As someone who has spent the bulk of his career moving between the worlds of cinema and interactive entertainment and who is perhaps best known as a screenwriter, Danny Bilson is well aware of the eyebrows raised by his long and winding resume. He’s heard a familiar refrain almost any time he’s entered the gaming space.
“The rap on me was always, ‘Oh, here comes the Hollywood guy,’” said Bilson, who worked closely throughout his career with his longtime writing partner Paul DeMeo, who died last year. “Even though I've been in the game business for 20 years now, I always had to kind of manage through that. The game folks were always like, ‘Oh, what does this storytelling Hollywood guy know?’”
But for Bilson, whose credits include the film “The Rocketeer,” the 1990s television series “The Flash” and the upcoming Spike Lee film “Da 5 Bloods,” an emphasis on narrative has long been an acknowledgement that games are a storytelling medium rather than simply a place for play or competition.
That’s the foundation Bilson will bring to his new role as the director of USC Games, which is consistently ranked by Princeton Review as one of the nation's top places to study game design in its undergrad and graduate programs.
“I usually would rather play a game than watch a film,” said Bilson, 62. “It's more immersive. It's you in the movie, not watching a movie. And that's always been the dream since I was a little kid.”
Bilson will succeed celebrated designer Tracy Fullerton, who has led the program since 2014 and will remain at USC as an endowed professor and continue to lead the school’s experimental Game Innovation Lab. The developer of “Walden: A Game,” based on the Henry David Thoreau book, intends to focus more on her personal design projects.
Bilson has taught at USC’s cinema school, where a significant portion of the games program resides, since 2005. He has also worked at Electronic Arts and defunct SoCal game studio THQ, and he recently has been pushing for games and play to meld with other mediums.
Bilson, for instance, did some early consulting work on Disney’s ambitious plans to bring “Star Wars” to Disneyland and Walt Disney World via a new themed land. Dubbed Star Wars: Galaxy’s Edge, the expansion, set to open at Disneyland on May 31, is pegged to be something akin to a large-scale video game, complete with an interactive ride, staff in full character and the ability for guests to go on game-like quests.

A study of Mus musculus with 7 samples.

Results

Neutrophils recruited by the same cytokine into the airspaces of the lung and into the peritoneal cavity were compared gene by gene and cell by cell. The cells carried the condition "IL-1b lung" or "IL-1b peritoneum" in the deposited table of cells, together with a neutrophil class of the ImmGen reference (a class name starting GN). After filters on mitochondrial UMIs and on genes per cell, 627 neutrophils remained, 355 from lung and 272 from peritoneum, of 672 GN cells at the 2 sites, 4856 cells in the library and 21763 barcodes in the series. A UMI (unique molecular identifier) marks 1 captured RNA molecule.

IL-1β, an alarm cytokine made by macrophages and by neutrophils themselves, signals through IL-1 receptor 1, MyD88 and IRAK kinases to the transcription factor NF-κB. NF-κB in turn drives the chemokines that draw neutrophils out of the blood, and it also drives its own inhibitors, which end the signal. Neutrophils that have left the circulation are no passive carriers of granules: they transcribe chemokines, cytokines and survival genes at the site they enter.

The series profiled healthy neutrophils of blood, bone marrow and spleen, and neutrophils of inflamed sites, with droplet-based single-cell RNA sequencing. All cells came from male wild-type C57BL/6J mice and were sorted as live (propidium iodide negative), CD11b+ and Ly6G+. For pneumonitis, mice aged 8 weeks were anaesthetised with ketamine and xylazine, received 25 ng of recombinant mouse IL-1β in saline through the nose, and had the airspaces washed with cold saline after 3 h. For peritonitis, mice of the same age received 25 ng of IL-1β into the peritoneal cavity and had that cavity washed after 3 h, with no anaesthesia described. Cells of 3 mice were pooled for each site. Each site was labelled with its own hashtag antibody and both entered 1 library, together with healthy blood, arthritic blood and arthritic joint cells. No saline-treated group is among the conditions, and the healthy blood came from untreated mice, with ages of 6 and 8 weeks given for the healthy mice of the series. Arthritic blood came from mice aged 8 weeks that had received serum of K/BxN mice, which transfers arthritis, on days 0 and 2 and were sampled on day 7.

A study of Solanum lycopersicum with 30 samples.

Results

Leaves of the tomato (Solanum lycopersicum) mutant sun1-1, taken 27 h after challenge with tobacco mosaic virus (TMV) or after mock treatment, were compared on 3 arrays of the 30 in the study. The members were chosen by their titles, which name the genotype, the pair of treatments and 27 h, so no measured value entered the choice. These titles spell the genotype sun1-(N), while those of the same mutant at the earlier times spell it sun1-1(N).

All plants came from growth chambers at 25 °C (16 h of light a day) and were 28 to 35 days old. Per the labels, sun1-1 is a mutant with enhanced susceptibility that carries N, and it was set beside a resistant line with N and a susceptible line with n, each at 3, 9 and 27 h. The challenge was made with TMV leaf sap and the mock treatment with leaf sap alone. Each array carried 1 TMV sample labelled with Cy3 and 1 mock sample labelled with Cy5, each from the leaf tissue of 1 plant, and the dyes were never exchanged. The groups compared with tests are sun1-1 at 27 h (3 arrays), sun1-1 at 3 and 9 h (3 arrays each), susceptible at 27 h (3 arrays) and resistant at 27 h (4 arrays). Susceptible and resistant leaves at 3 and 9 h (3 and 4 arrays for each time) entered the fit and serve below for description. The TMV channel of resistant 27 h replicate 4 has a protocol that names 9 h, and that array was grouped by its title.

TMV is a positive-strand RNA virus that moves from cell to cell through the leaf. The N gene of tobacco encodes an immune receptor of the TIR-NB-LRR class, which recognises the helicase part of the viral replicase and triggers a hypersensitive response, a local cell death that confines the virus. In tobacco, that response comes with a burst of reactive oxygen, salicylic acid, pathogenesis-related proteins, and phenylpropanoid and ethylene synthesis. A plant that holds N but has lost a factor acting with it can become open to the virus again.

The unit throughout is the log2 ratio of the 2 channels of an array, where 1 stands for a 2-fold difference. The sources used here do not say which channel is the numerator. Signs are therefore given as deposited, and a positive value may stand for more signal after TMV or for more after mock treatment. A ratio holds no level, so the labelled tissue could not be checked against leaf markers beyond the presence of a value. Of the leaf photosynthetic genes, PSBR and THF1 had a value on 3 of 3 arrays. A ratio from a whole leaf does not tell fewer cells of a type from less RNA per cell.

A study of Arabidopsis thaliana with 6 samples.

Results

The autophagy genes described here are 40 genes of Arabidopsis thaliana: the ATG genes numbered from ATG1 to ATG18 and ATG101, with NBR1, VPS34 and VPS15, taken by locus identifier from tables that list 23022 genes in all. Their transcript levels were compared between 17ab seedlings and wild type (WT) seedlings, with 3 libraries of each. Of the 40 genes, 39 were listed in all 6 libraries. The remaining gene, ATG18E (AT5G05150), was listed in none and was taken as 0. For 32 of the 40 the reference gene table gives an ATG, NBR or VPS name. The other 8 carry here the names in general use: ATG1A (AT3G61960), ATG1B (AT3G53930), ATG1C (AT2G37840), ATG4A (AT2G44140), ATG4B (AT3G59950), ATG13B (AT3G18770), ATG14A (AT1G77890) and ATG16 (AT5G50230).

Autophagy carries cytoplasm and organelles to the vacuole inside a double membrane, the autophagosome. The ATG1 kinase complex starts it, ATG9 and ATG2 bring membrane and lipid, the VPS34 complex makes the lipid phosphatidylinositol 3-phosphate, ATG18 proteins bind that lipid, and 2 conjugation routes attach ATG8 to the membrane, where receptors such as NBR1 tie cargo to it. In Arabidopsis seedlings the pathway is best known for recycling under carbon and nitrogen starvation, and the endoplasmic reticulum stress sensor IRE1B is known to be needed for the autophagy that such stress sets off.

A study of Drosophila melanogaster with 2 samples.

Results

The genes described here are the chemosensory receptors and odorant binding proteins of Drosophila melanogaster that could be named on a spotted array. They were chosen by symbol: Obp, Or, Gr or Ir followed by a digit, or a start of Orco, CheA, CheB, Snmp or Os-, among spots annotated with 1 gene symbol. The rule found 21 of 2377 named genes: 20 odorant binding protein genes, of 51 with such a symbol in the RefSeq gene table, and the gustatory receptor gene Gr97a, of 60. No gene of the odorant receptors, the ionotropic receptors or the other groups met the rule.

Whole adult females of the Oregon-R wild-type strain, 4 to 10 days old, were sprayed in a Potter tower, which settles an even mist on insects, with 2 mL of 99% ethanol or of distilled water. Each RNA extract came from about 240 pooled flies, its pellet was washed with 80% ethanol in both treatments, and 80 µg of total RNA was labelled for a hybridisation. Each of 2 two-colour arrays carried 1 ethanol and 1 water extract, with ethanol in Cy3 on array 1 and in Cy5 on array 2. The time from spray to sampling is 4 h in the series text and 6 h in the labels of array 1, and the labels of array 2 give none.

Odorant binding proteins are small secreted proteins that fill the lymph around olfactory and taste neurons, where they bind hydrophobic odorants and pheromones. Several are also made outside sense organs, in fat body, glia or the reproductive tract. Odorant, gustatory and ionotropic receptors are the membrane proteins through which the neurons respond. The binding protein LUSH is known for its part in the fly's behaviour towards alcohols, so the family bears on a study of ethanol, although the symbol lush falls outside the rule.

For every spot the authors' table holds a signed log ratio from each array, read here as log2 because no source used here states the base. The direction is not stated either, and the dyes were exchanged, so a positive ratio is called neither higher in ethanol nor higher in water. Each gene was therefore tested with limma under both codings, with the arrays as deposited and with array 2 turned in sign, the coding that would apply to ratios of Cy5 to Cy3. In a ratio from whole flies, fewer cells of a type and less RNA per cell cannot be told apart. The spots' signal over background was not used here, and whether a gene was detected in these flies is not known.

One of Bilson’s goals for the USC program, which is a collaboration between the cinema school and its Viterbi School of Engineering, is to more closely look at how games are having a role in themed spaces and location-based entertainment. The rise of everything from escape rooms to immersive theater to playful, Instagram-friendly pop-up exhibits, is bringing game-like experiences into unexpected places.
“That is an area that both myself and a section of our faculty are really passionate about,” said Bilson, noting that the school is working to build a lab dedicated to exploring the space.
Bilson will be charged with more closely bridging the schools of cinema and engineering. Both tracks are relatively small — each admitting fewer than 20 incoming freshmen per year — and the association with the cinema school has given the program its reputation as a narrative-first development program. Well-known alumni include Jenova Chen, founder of Thatgamecompany and developer of contemplative indie game “Journey,” as well as Asher Vollmer, designer of the puzzle hit “Threes!”
Recently, Bilson said the school has been working with the Pro Football Hall of Fame on developing both a card game and a digital game (board game development is also taught and encouraged in the program).
“We're in the process of designing a digital and paper card game that has to do with the values of the hall and the stories of players, more than it has to do with football itself,” Bilson said. “It’s thematically a really nice project. And I like football. So it's really interesting to talk to the Hall of Fame players and hear their stories. That's an ongoing project that we’re in the very early stages of.”
That being said, for a medium driven by technology, the game industry of 2019 can look vastly different from the game industry of 2020. A current trend, for instance, is free-to-play games such as “Fortnite” and “Apex Legends,” which constantly evolve and create excitement around in-game events. Thus, they’re finished projects that are perpetually unfinished.
Bilson acknowledged that shift, and said, “I'm in the process of figuring out how to get [students] running, managing, designing, implementing and creating events for a live game.”
When asked about the future of game education, Bilson said, “It is cross discipline. Silos don’t work anymore, and they’re not going to work in the future. So our designers need to understand how to talk to engineers, and engineers need to understand design.”